The U.S. treatment of war prisoners

There is an accurate method of determining whether the verbal communications of U.S. government or military leaders are honest and accurate regarding American treatment of war prisoners. If their lips are moving, the generals, the President, the Secretary of Defense are likely to be deceiving the public and the world, if not lying outright.

We have been told that the U.S. treats its prisoners “humanely”. And this is not an outright lie. In many cases in the Iraqi war, this is true. But it is not an honest assessment, either. And there are good political and military reasons for the differences in treatment of prisoners of war in various theaters and operations and situations.

The key to American treatment of prisoners is at least two-fold. First, the issue of risk posed by that prisoner or group of prisoners to the military effort and immediate security of the United States is a key to their treatment. A second consideration is how the treatment of those prisoners can be used for political purposes to demonstrate fairness of the Americans for their prisoners and thus win the good will of the world at large (and impress the American public. In no case can we say that the U.S. treats prisoners well solely for altruistic purposes.

So, let’s take a closer look at these considerations. In Iraq, clearly the U.S. power structure and military leadership started the war with a very low assessment of Iraq’s military prowess, willingness to fight, or ability to fight. Clearly, the U.S. leadership envisioned a similar result as occurred in the Gulf War, in which Iraqi troops surrendered their positions, their arms and their persons in mass numbers with very little willingness to fight. Clearly, the U.S. leadership believed going into the invasion of Iraq that Iraq’s military posed only a small risk to the security of the U.S. military and no strategic risk to the security of the American homeland. Clearly, the U.S. military leadership expected a relatively quick and painless victory. With such a mentality on the part of U.S. leadership, it would be easy and a great public relations bonanza to graciously accept the surrender of Iraqi forces, treat those people well, provide access to those prisoners by the Red Cross, and use them as pawns in the public relations effort that is an integral part to any and every American policy and action (and which is true of Iraq and other nations’ leaders as well).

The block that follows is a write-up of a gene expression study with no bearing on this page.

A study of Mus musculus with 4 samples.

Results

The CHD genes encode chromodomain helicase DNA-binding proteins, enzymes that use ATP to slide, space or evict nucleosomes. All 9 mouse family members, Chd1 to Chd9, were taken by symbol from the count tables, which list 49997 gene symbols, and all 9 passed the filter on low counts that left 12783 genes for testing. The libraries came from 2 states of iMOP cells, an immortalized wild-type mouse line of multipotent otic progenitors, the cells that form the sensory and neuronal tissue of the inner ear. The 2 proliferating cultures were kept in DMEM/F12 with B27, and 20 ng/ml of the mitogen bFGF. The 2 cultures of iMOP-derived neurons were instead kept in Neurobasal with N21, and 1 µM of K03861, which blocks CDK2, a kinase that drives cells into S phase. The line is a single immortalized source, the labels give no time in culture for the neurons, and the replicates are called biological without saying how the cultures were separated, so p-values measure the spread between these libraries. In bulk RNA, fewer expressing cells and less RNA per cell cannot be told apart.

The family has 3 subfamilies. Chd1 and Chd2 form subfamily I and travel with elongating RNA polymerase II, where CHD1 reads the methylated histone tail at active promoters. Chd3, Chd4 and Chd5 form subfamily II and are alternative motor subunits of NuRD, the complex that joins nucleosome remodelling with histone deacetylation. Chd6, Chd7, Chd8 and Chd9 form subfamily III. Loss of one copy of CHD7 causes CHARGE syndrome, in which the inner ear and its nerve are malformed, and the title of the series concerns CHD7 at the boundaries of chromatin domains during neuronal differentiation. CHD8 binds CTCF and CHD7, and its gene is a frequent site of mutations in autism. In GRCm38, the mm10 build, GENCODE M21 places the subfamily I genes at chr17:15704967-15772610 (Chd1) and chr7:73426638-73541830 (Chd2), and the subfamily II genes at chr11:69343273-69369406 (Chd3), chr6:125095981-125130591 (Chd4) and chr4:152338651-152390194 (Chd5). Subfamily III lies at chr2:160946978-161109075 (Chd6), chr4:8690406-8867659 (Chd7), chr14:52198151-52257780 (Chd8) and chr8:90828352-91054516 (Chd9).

In contrast, if Iraqi soldiers or civilian combatants were captured in the War on Terrorism, as Saudis, Yemenis, Pakistanis, or even American muslims have been, a wholly different dynamic of treatment comes into play. In the War of Terrorism, the U.S. security apparatus is clearly highly concerned about every single tactic, every single operation, every single person, every single threat of the “terrorist” networks. So, the treatment of prisoners no longer can be described as humane. Unless you call denial of treatment for serious wounds and illnesses humane. Unless you call keeping prisoners awake and disoriented for extended periods of time humane. Unless you call denial of food and water for extended periods humane. Unless you call exposure to extremely loud noise for long periods humane, or confinement in total darkness and cold for extended periods of time humane. Unless you call confinement in rooms bombarded with intense light and/or noise humane.

The U.S. claims not to torture their prisoners, though if someone took the child of an American interrogator and exposed them to similar treatment, the word “torture” might be used in the resultant prosecution of the perpetrator. But the U.S. has also been known to turn over its prisoners to allied nations with even a lower set of scruples and willingness to use even more sadistic physical torture regimes.

What will happen if the Iraq war continues and the U.S. assessment of the threat of the Iraqi military changes. What will happen if chemical weapons are found or deployed by the Iraqis. What would happen if Iraqi officers or senior officers and officials were captured by U.S. Special Forces, for instance? We would have every reason to believe that the U.S. would forget its fairness and humaneness doctrine for Iraqi prisoners. All available means (as described above from the War on Terror) would likely be used to extract information from Iraqi prisoners, particularly ones who were thought to possess strategic or tactical knowledge of Iraqi operations, plans and methods of carrying out those plans.

So, when Bush or Rumsfeld speaks of U.S. treatment of its prisoners, be aware that the treatment regime is as flexible as any other U.S. policy. Humaneness is never an end objective for the U.S. military. It can be a means to an end. If humanness does not get the job done, clearly humanness is quickly abandoned and other tactics are used, and laws, conventions, and treaties are treated as if they did not exist.

The writer is a member of several falconry and ornithological clubs and organizations. He contributed above article to Media Monitors Network (MMN) from California, USA.